The sit-in at President Maucker’s home in March of 1970 sparked many responses from students, administration, and the community. Here we aim to highlight multiple perspectives surrounding the sit-in and the disciplinary action that was set to follow.
Dissatisfied with the slow pace and lack of concrete action towards the establishment of a cultural center on campus, several members of the Afro-American Society along with additional Black and white students staged a peaceful sit-in at President Maucker’s home March 16-17, 1970. Following the sit-in, university administration pursued disciplinary action against those who obstructed campus operations, based on university policy at the time. Students and university personnel held differing opinions about the disciplinary process, as reflected in some of the materials highlighted here.
Due to the controversial nature of the event, the discipline committee decided that it would be unworkable to attempt to hold a totally open hearing. On the other hand, due to a sense of distrust by the students for the possibility of receiving justice from the committee, the students charged that they could not possibly receive a just hearing unless it was totally open. The first hearing attempt was interrupted by student protestors entering the hearing room. To prevent such interruption again, the university requested a court injunction against anyone in acts which interfered with the operation of the university. Multiple hearing attempts were interrupted by protestors and as a result many students served week long jail sentences.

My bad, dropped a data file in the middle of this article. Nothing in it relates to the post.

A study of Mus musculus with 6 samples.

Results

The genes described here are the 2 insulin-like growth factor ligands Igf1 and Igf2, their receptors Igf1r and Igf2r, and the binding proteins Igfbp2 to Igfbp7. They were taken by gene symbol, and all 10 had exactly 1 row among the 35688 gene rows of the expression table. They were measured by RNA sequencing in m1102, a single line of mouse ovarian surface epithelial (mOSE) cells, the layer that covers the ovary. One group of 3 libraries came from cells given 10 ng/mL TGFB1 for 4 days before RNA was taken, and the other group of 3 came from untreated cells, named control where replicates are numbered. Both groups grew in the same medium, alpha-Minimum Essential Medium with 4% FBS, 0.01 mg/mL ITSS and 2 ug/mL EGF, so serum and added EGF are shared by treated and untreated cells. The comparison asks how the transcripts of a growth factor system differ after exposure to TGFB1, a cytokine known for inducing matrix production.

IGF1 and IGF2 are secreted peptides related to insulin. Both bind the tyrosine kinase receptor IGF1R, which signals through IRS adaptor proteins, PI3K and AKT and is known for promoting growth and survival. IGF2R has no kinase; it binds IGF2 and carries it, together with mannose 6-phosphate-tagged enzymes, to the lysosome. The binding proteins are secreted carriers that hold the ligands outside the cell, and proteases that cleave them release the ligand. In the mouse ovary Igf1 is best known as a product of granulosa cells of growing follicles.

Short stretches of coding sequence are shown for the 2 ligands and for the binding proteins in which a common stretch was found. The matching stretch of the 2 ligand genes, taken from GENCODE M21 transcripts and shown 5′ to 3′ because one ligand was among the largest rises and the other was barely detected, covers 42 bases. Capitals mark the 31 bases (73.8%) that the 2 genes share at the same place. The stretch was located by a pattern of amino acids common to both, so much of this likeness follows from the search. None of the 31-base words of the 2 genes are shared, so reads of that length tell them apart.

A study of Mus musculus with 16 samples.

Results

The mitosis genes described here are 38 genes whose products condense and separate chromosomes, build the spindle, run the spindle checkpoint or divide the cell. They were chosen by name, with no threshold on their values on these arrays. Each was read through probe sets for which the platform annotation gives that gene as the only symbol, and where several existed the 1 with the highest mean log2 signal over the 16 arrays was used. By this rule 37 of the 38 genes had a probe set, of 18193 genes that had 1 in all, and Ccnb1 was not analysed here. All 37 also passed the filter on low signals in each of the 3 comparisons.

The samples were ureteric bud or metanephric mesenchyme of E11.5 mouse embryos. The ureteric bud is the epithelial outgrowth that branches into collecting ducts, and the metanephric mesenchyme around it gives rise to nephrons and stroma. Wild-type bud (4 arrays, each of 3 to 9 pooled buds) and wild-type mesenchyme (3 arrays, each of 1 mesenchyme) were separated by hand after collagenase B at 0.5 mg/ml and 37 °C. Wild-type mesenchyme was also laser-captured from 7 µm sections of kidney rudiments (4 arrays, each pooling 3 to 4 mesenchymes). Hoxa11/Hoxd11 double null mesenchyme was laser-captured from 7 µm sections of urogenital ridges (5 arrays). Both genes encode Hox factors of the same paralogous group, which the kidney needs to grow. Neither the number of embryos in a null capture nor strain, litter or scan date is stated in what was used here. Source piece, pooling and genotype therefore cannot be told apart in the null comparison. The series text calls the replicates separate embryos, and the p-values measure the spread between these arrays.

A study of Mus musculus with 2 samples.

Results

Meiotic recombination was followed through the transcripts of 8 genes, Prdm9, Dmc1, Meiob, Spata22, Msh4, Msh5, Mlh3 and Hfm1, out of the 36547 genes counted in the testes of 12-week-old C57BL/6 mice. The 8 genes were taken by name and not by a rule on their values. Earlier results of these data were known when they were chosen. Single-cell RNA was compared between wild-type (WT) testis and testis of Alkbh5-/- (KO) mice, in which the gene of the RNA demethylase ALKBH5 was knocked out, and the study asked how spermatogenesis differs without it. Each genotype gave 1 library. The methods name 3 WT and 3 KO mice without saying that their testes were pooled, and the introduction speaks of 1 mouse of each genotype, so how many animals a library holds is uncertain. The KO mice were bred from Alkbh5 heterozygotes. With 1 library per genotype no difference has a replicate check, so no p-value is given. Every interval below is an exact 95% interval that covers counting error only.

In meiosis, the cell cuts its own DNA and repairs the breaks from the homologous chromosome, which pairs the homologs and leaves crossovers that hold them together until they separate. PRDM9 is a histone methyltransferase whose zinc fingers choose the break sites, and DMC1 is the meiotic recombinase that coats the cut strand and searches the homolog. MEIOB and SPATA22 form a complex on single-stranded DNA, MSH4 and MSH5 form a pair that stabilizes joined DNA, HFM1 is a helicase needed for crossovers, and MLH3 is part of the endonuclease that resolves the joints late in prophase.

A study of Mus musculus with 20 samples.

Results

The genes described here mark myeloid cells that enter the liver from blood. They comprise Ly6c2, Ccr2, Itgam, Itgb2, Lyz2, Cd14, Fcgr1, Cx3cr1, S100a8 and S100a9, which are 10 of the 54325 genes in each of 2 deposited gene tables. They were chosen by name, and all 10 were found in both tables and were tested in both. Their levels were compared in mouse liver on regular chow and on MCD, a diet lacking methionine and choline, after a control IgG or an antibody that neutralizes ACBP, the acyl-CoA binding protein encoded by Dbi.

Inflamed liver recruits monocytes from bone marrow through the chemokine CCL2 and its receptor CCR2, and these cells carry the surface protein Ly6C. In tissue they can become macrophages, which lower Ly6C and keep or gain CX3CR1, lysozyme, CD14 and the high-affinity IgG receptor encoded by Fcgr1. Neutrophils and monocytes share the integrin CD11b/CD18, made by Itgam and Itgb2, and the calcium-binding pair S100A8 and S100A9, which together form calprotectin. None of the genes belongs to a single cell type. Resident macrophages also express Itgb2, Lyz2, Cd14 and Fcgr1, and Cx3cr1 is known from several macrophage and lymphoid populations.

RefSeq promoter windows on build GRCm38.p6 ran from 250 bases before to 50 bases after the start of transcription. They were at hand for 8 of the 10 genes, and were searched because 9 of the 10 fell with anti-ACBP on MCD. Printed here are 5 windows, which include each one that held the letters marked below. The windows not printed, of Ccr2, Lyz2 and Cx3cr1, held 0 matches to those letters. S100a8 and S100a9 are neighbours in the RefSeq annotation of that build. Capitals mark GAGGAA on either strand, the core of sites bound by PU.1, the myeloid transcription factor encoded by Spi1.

President Maucker announced that no new hearings would be held until the disciplinary system was revised and approved. With this announcement, expansion of the Vietnam War into Cambodia, the events at Jackson State and Ohio State University, and the semester coming to a close, the sit-in became less significant moving forward. With these materials provided here we aim to highlight multiple perspectives within the university archives.